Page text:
Washington: President Donald Trump and Prime Minister Theresa May spoke for the first time since a row over his retweets of a British extremist group, addressing vexing questions about Brexit and Middle East peace on Tuesday.
The call came nearly a month after the two clashed over Trump's tweets of "Britain First" anti-Muslim propaganda and hours after London took the unusual step of voting against Washington at the United Nations.
Britain was among 14 UN Security Council members who backed a resolution condemning Trump's decision to unilaterally recognise occupied Jerusalem as Israel's capital, leaving the United States alone to veto.
"They discussed the different positions we took on the recognition of occupied Jerusalem as the Israeli capital, and agreed on the importance of the US bringing forward new proposals for peace and the international community supporting these efforts," a Downing Street spokesman said.
"The President and Prime Minister discussed next steps in forging peace in the Middle East," the White House said.
There was no mention of the Twitter feud from either side, a row that has put Trump's state visit to the United Kingdom in further jeopardy.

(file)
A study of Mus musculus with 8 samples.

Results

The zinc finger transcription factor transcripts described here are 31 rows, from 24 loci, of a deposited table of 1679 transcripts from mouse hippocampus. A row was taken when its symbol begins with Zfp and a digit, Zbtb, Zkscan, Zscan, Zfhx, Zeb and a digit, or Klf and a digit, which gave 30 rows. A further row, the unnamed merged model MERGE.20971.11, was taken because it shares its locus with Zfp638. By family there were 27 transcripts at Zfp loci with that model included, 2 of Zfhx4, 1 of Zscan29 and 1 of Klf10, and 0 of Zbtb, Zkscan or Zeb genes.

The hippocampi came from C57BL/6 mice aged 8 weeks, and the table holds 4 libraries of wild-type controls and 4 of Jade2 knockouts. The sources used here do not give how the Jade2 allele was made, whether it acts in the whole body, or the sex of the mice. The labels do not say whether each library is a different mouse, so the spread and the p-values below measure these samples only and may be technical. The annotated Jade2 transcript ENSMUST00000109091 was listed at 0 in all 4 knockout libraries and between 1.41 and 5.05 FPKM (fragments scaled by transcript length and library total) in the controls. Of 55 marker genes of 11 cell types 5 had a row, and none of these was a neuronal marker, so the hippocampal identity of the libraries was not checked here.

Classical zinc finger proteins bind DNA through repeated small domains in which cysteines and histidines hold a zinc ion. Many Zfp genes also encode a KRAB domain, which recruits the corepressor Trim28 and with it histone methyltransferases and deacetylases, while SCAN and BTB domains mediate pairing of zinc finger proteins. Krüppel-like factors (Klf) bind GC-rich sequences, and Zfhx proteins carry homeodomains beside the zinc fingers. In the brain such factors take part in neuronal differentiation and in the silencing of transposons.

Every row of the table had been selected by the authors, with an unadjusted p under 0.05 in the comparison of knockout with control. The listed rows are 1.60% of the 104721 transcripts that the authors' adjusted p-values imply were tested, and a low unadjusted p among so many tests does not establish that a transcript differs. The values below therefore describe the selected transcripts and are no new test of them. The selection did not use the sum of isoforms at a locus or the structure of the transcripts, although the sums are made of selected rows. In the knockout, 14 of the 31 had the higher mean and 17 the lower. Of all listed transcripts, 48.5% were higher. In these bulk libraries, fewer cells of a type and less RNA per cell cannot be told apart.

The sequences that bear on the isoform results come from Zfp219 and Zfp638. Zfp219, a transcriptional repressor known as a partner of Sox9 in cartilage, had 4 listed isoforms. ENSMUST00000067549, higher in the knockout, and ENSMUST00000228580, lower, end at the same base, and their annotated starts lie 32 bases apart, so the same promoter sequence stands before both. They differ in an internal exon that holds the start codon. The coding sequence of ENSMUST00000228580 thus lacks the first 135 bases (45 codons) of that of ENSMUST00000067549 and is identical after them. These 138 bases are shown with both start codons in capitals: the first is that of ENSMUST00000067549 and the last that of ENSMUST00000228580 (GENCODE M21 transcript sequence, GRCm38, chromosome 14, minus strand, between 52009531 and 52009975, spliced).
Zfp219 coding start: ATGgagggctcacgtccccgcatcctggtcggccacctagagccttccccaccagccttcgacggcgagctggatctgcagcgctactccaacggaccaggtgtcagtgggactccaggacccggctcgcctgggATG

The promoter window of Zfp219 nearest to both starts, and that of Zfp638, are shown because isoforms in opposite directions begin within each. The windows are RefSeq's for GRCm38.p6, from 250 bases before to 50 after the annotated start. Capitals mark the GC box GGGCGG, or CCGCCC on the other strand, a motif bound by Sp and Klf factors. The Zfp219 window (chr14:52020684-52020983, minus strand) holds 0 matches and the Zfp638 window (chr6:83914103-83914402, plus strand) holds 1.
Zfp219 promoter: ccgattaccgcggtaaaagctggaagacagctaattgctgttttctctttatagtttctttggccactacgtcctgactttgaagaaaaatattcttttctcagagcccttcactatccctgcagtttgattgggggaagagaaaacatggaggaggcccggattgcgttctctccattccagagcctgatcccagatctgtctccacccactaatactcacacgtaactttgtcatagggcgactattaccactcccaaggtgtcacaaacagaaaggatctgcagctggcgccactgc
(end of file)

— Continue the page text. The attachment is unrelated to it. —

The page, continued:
"The two leaders exchanged holiday greetings and warm wishes for Christmas and the New Year," the White House said.
They also discussed Britain’s negotiations to withdraw from the European Union, with the British side claiming that they "agreed on the importance of a swift post-Brexit bilateral trade deal."
There was no mention of such an agreement in Washington's account of the call, although Trump has made similar pledges in the past.
"The prime minister updated the president on the recent good progress of the Brexit negotiations, and the president set out the progress he had made on his economic agenda," the Downing Street spokesman said.
"President Trump congratulated the Prime Minister on the decision by European Union leaders to move to the second phase of the Brexit negotiations," according to Washington.
Earlier Tuesday, May chaired the first detailed cabinet discussion on Britain's future trade ties, after European Union leaders last week approved an interim agreement on the terms of their separation, and agreed to move talks on to trade next year.
London wants to secure "the best possible trading terms with the EU" that enable Britain "to set rules that are right for our situation and facilitates ambitious third-country trade deals," Downing Street said after the meeting.
May and Trump also talked about Yemen, with May "highlighting our ongoing deep concerns at the humanitarian situation," according to Downing Street.
"They agreed on the vital importance of reopening humanitarian and commercial access to prevent famine and alleviate the suffering of innocent Yemenis," the spokesman said.